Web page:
For Immediate Release

January 2, 2007

Contact: Author Chad Kister (740) 707-4110 or 740-753-3888 or

The full-length press release is at:              

Polar Bear Threatened Status means need to protect Arctic Refuge

Move should also prompt needed federal greenhouse gas limits

            With the Arctic National Wildlife Refuge coastal plain being the densest denning ground of polar bear on the continent, the recent proposal to list the species as threatened by the US Fish and Wildlife Service should prompt federal action to permanently protect the coastal plain as wilderness.

            The 154 page report proposing after months of review by 12 independent reviewers and 10 peer reviewers, shows resoundingly why the polar bear must be listed threatened under the Endangered Species Act, and proposes measures to give protection for the species, such as limitations on oil and gas development and greenhouse gas reductions.  Sea ice recession was found to threatened the species, the USFWS found.

            The polar bear is the global canary in the coal mine for climate change.  Our collective actions to either change the and begin to slow, stop and reduce greenhouse gas emissions, or continue the status quo of destruction will decide whether the polar bear lives free in the wild, or survives only in air conditioned zoos.

            The polar bear can travel more than 3,000 miles/year to follow the sea ice in the Arctic Ocean as it freezes into the Bering Strait and all throughout the circumpolar Arctic in the winter, and thaws in the summer.  Formerly, the ice thaw would still keep pack ice along the edge of the Arctic Ocean land masses, such as northern Alaska , for most of the summer.  At most, the ice was a dozen or two miles away and polar bear could swim to it.

            Within the last 2 decades, however, the pack ice has retreated hundreds of miles from the shoreline.  Polar bears swimming out to where pack ice had been for millennia find only open water.  They are dying in large numbers by drowning.

            Other bears are trapped on the mainland, waiting for ice that formers later and later each year in our fast-changing climate.  They need the ice to hunt, mate and survive.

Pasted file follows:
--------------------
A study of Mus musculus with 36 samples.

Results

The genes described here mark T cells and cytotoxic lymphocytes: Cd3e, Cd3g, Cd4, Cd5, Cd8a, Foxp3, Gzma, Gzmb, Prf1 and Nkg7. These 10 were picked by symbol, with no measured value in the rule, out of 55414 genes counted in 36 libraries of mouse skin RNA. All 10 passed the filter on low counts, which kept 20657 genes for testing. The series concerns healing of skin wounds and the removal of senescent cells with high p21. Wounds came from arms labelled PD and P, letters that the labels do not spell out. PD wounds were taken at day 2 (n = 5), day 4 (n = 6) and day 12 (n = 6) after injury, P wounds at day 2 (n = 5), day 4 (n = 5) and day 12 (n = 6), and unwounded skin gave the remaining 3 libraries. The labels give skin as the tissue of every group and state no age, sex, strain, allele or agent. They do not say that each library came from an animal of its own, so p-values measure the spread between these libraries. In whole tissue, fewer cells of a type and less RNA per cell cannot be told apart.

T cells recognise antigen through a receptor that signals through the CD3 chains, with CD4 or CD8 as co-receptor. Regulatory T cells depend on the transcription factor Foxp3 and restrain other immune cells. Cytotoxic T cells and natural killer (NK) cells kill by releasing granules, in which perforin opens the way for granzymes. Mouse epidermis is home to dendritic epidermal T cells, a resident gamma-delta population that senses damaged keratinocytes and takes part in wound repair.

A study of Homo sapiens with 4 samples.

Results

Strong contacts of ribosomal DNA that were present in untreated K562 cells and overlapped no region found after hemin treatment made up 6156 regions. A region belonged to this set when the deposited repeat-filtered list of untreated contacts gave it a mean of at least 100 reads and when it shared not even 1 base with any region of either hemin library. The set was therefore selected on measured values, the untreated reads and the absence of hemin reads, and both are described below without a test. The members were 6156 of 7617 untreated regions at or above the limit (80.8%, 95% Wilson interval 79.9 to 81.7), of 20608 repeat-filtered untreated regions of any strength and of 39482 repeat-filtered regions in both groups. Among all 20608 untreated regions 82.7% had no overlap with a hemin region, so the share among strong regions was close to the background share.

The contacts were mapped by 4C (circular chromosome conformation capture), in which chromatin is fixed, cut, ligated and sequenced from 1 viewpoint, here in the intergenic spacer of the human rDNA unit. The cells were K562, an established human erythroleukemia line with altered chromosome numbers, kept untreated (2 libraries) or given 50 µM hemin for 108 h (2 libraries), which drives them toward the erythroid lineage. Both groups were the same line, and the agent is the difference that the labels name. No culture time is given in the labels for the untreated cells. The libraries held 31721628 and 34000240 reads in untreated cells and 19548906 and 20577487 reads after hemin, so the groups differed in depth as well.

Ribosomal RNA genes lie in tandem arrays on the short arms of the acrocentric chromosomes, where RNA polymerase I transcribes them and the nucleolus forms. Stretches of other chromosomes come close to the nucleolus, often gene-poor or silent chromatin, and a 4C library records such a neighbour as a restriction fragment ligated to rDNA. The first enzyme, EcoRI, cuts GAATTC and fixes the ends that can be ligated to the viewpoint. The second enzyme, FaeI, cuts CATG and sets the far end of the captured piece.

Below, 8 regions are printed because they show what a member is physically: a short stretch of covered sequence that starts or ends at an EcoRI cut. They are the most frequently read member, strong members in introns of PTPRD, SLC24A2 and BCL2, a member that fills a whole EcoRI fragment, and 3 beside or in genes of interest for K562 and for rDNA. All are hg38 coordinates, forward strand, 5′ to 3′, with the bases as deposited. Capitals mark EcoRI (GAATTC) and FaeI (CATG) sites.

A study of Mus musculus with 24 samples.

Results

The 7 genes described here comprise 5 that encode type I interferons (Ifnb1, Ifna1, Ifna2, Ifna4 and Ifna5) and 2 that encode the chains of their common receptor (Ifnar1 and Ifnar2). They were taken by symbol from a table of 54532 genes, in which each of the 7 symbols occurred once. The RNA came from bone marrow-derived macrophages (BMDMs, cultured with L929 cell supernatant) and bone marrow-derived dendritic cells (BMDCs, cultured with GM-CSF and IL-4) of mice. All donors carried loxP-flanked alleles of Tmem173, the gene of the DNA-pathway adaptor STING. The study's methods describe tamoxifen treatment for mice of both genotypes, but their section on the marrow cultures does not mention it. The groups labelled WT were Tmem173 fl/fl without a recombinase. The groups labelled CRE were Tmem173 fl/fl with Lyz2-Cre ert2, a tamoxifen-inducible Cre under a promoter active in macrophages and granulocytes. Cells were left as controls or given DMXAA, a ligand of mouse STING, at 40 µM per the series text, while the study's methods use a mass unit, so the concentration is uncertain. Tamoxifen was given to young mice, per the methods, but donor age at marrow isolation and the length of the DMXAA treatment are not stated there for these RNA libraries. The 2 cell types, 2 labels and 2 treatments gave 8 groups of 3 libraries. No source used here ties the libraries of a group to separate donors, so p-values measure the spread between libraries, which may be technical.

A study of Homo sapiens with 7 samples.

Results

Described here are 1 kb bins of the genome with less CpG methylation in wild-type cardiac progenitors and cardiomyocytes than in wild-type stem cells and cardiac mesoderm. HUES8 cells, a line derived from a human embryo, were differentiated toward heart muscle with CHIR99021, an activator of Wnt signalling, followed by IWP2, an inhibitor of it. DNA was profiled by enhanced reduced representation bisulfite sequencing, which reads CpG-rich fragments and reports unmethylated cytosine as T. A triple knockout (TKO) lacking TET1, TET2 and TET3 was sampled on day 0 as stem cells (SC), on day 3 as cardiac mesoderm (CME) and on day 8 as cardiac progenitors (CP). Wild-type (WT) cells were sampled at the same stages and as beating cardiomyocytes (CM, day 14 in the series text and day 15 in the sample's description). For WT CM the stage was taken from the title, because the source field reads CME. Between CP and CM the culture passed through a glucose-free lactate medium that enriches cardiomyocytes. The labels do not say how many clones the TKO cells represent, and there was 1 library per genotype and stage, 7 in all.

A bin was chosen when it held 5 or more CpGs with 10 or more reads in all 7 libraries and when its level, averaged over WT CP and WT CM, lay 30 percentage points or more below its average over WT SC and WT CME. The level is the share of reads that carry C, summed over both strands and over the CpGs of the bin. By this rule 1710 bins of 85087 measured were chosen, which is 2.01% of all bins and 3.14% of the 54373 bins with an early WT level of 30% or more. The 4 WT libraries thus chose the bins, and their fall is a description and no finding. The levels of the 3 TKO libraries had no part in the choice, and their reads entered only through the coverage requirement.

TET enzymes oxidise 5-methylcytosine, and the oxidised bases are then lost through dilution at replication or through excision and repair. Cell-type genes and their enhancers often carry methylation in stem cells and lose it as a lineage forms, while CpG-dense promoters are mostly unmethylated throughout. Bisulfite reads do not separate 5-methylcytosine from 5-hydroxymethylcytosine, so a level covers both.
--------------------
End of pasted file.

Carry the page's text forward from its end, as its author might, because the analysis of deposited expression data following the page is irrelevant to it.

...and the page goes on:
One decade ago, an average of about one third of polar bear denned on land, with the Arctic National Wildlife Refuge coastal plain being the most important area for denning in North America .  The rest of the bears denned out on the pack ice, which was much thicker.  Sea ice has decreased in thickness by 45 percent in the last 40 years.

            Because of the decreased ice, today scientists find that two thirds of polar bear den on land, with only a third now denning on the thinning ice.  That is a drastic change in a short time period, and accentuates the need to protect the Arctic National Wildlife Refuge, and mandate reductions in greenhouse gas emissions.

            The number of polar bear cubs has decreased by 15 percent in two decades, and have experienced a similar decrease in average weight during the same time period.  The bears, which can live to be 32 years old, have an extremely low reproductive rate.  They don’t mate until age 4 or 5, and spend two years and four months rearing their cubs, meaning three years between having cubs.  They usually have two cubs, but sometimes one, and rarely three.

            The new Congress should work on the real priorities of the future: protecting our last wild places like the Arctic Refuge, and mandating the reduction in greenhouse gas emissions, no matter Global Warming Bush’s wishes.